Lawmakers pledge push for cures bill in lame-duck

Lawmakers pledge push for cures bill in lame-duck

A bipartisan group of House lawmakers on Wednesday released a statement pledging to work to get a medical cures bill signed into law “this fall” despite struggling for months to reach a deal. 


“We have been working hard for months, and we will continue to work toward an agreement that can pass both chambers and be signed by the president,” leaders of the House Energy and Commerce Committee said in a statement. 

“And the good news is that we are on the cusp of something special,” they continued. “We are focused on delivering #CuresNow. At hand is a once-in-a-generation opportunity and we’re committed to getting 21st Century Cures signed into law this fall.”

The lawmakers acknowledged that the bill would not move before Congress leaves town for the elections, but they are pledging to push it in a lame-duck session later this year.

Energy and Commerce Committee Chairman Fred Upton (R-Mich.) has made the bill, which aims to speed up the Food and Drug Administration’s approval of new drugs and invest new funds in medical research, his signature issue. 

The measure passed the House on a bipartisan vote last year but since then has been stuck in the Senate amid months of negotiations over that chamber’s version of the bill. 

Sensing that the clock is ticking, Upton in recent weeks has been pushing to introduce a new version of the legislation in the House to jump-start the process. 

But negotiators were unable to reach a bipartisan deal in time to introduce legislation and pass it through the House before the upcoming recess. Finding a bipartisan way to pay for several billion dollars in new medical research funding has long been the holdup. 

New legislation will now not be introduced until after the recess, but the bipartisan leaders are releasing Wednesday’s statement to show that they are still committed to getting something done.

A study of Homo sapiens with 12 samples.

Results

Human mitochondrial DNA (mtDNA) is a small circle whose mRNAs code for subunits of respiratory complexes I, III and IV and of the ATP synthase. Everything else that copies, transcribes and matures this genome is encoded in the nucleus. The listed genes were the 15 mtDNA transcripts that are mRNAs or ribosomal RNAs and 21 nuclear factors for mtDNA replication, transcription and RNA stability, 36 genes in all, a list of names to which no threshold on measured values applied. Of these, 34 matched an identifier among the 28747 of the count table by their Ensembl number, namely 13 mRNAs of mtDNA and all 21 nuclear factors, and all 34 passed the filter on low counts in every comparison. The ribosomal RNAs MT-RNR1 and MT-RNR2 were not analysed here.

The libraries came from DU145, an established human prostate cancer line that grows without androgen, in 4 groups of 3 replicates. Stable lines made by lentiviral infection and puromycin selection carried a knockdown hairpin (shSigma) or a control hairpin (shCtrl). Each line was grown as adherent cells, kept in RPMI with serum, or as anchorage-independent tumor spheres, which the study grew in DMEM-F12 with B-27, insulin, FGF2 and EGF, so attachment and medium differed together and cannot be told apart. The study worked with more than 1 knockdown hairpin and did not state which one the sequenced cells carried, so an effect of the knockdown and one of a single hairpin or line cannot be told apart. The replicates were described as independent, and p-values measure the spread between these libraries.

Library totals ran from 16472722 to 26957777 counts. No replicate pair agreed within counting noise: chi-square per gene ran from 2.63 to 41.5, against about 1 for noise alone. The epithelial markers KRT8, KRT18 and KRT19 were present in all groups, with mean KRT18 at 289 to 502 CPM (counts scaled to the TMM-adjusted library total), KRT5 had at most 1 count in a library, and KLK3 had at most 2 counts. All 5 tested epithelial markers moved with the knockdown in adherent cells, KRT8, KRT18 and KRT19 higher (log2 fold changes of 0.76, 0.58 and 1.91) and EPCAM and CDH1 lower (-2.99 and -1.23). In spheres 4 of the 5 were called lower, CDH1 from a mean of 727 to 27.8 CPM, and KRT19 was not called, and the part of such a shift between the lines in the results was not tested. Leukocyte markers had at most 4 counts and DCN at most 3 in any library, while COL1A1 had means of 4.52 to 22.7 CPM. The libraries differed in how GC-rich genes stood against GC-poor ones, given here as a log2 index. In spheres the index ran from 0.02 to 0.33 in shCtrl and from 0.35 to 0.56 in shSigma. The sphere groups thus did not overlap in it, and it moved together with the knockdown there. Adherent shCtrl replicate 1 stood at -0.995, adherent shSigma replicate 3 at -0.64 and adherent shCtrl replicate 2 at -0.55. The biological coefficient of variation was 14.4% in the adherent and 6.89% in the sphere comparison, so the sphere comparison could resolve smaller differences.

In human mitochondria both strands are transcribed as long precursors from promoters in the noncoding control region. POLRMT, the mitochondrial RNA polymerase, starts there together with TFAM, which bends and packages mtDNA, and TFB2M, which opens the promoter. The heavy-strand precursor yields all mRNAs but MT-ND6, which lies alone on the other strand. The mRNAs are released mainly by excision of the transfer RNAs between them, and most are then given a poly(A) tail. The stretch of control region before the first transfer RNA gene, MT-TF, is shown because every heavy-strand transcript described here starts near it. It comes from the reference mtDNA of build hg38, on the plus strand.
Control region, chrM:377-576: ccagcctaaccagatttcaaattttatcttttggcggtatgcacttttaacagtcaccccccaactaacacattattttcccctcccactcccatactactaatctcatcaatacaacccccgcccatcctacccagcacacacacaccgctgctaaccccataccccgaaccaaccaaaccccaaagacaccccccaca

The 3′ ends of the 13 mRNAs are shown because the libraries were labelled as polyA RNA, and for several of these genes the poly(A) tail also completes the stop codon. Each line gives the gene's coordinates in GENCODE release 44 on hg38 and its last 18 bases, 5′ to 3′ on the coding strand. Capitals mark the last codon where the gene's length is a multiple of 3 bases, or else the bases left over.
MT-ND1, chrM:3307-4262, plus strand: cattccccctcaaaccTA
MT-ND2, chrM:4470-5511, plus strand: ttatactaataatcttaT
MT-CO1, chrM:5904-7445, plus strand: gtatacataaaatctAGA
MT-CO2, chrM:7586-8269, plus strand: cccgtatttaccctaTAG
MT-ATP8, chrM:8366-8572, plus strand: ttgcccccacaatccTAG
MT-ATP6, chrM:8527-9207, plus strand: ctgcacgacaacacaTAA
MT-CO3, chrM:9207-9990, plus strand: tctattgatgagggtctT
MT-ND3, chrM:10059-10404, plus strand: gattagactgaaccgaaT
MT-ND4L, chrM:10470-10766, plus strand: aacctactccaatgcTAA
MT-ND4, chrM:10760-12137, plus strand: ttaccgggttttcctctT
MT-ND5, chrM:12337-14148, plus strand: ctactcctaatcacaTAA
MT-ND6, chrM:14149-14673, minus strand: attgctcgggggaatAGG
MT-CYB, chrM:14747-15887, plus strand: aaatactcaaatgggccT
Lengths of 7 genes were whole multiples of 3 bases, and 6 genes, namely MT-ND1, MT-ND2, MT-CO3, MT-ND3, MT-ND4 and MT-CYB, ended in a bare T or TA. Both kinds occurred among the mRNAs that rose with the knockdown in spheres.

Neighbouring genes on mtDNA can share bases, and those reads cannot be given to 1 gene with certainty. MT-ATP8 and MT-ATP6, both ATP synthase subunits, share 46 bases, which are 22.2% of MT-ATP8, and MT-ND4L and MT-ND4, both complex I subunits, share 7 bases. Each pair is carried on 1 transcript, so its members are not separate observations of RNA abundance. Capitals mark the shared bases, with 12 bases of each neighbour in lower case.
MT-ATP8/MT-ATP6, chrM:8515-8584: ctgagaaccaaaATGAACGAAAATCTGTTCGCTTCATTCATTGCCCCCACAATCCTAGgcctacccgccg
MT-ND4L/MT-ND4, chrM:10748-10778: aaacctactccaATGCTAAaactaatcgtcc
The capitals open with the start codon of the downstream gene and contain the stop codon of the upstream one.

Rep. Diana DeGette (D-Colo.), Upton's main partner on the bill, also signed the statement, along with Rep. Frank Pallone Jr. (N.J.), the committee’s top Democrat, and Reps. Joseph Pitts (R-Pa.), and Gene GreenRaymond (Gene) Eugene GreenBottom line Texas New Members 2019 Two Democrats become first Texas Latinas to serve in Congress MORE (D-Texas).

The lead negotiators on the Senate side, Sens. Lamar AlexanderAndrew (Lamar) Lamar AlexanderThe Hill's Morning Report - Sponsored by Goldman Sachs - Two weeks out, Trump attempts to rally the base McConnell aims for unity amid growing divisions with Trump Overnight Health Care: Trump takes criticism of Fauci to a new level | GOP Health Committee chairman defends Fauci | Birx confronted Pence about Atlas MORE (R-Tenn.) and Patty MurrayPatricia (Patty) Lynn MurrayOvernight Health Care: Trump takes criticism of Fauci to a new level | GOP Health Committee chairman defends Fauci | Birx confronted Pence about Atlas Government watchdog to investigate allegations of Trump interference at CDC, FDA Baldwin calls for Senate hearing on CDC response to meatpacking plant coronavirus outbreak MORE (D-Wash.) also released a statement on Wednesday pledging to work for a bill to pass this year. 

"We’ve been working for a year and a half on behalf of patients and scientists, and we are committed to getting a result this year that will lead to lifesaving medical breakthroughs and advance President Obama’s Precision Medicine Initiative and Vice President Biden’s Cancer Moonshot,” Alexander and Murray said.

House and Senate negotiators have been speaking to each other as they look for a deal, and leadership is also involved. 

Alexander this month pointed in particular to the fact that the bill could provide funding for the cancer “moonshot,” among other research priorities. 

“The Speaker of the House of Representatives is turning somersaults to try to find a way for us to be able to find the money for that as well as for opioids and other important projects that we would like to fund,” Alexander said on the Senate floor. 

This story was updated at 12:02 p.m.